Excited, we decide to stay an extra two nights. Then reality sets in. The heat is unrelenting and oppressive. We spend our days lying around, too lethargic to do anything. A songthaew ride to the desolate main drag feels like a big adventure. We go to the famous cave. It’s hot and littered with bat shit. The stench is terrible. We hire a guide, as you’re supposed to do.

Our tour goes roughly like this: “This rock looks like a lion. Want to take a picture? No? Ok. This rock looks like an elephant. This one looks like a papaya. Are you sure you don’t want to take some pictures? Here’s a rock that looks like an elephant ear…” The magnificent rocks of Chiang Dao. I start to think maybe I’m afraid of caves. The suffocating, damp heat. The smell. The sense of being trapped underground.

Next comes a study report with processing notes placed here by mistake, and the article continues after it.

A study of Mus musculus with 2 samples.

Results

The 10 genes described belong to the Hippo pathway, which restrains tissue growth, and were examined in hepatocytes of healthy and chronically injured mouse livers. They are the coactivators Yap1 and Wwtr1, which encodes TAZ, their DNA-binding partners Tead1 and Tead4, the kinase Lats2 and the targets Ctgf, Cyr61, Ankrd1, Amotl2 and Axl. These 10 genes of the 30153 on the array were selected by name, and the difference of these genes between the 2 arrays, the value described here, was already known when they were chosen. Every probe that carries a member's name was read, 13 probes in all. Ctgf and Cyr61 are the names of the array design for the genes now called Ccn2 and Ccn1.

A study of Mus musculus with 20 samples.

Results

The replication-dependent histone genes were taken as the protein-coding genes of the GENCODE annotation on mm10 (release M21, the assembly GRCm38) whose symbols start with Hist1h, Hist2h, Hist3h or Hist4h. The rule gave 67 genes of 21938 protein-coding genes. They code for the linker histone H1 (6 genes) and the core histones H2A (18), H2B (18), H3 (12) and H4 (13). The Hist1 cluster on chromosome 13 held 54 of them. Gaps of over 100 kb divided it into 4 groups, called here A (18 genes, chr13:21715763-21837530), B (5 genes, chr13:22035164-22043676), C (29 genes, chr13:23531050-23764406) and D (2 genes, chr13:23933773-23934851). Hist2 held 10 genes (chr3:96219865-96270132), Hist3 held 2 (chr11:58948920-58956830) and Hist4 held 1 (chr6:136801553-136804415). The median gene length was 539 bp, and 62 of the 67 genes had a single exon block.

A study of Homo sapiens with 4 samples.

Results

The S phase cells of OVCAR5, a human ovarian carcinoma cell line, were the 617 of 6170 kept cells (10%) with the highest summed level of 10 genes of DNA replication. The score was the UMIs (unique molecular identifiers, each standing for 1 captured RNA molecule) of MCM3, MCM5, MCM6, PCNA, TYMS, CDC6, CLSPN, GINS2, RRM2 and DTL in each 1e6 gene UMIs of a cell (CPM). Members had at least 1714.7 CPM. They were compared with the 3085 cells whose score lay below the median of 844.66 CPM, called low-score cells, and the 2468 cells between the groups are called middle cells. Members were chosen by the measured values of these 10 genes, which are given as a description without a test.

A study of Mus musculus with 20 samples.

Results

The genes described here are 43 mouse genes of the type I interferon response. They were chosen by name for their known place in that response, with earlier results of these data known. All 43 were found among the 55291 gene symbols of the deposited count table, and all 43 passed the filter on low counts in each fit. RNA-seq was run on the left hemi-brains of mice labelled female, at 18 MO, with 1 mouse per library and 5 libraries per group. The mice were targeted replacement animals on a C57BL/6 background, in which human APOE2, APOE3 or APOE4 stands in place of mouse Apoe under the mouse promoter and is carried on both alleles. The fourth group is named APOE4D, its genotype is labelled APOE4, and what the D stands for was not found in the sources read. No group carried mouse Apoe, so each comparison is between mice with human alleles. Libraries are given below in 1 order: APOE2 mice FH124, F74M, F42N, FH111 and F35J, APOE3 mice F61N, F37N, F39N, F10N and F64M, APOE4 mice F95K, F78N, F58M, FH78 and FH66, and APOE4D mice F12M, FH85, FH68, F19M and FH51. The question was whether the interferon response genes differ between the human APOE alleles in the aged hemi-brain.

We finish our cave-visit by 9am. Outside the cave sad looking dogs wander around and people sell coffees from corrugated tin shacks. In the road we pass, chickens. Every house has chickens. For all it’s wealth, America’s food system is kind of a dessert. The eggs here are far better.

The heat continues into the night. Covered in sweat and too uncomfortable to eat anything but fried rice, dinner is a chore. I want to flee to somewhere cold like Norway or Antarctica. Remembering my hatred of Connecticut summers, I wonder why I ever thought this was a good idea.

And yet…we walk back in the silent darkness, the heat finally breaking. The moon is as bright as it’s ever been. The forest edge is alive with fireflies.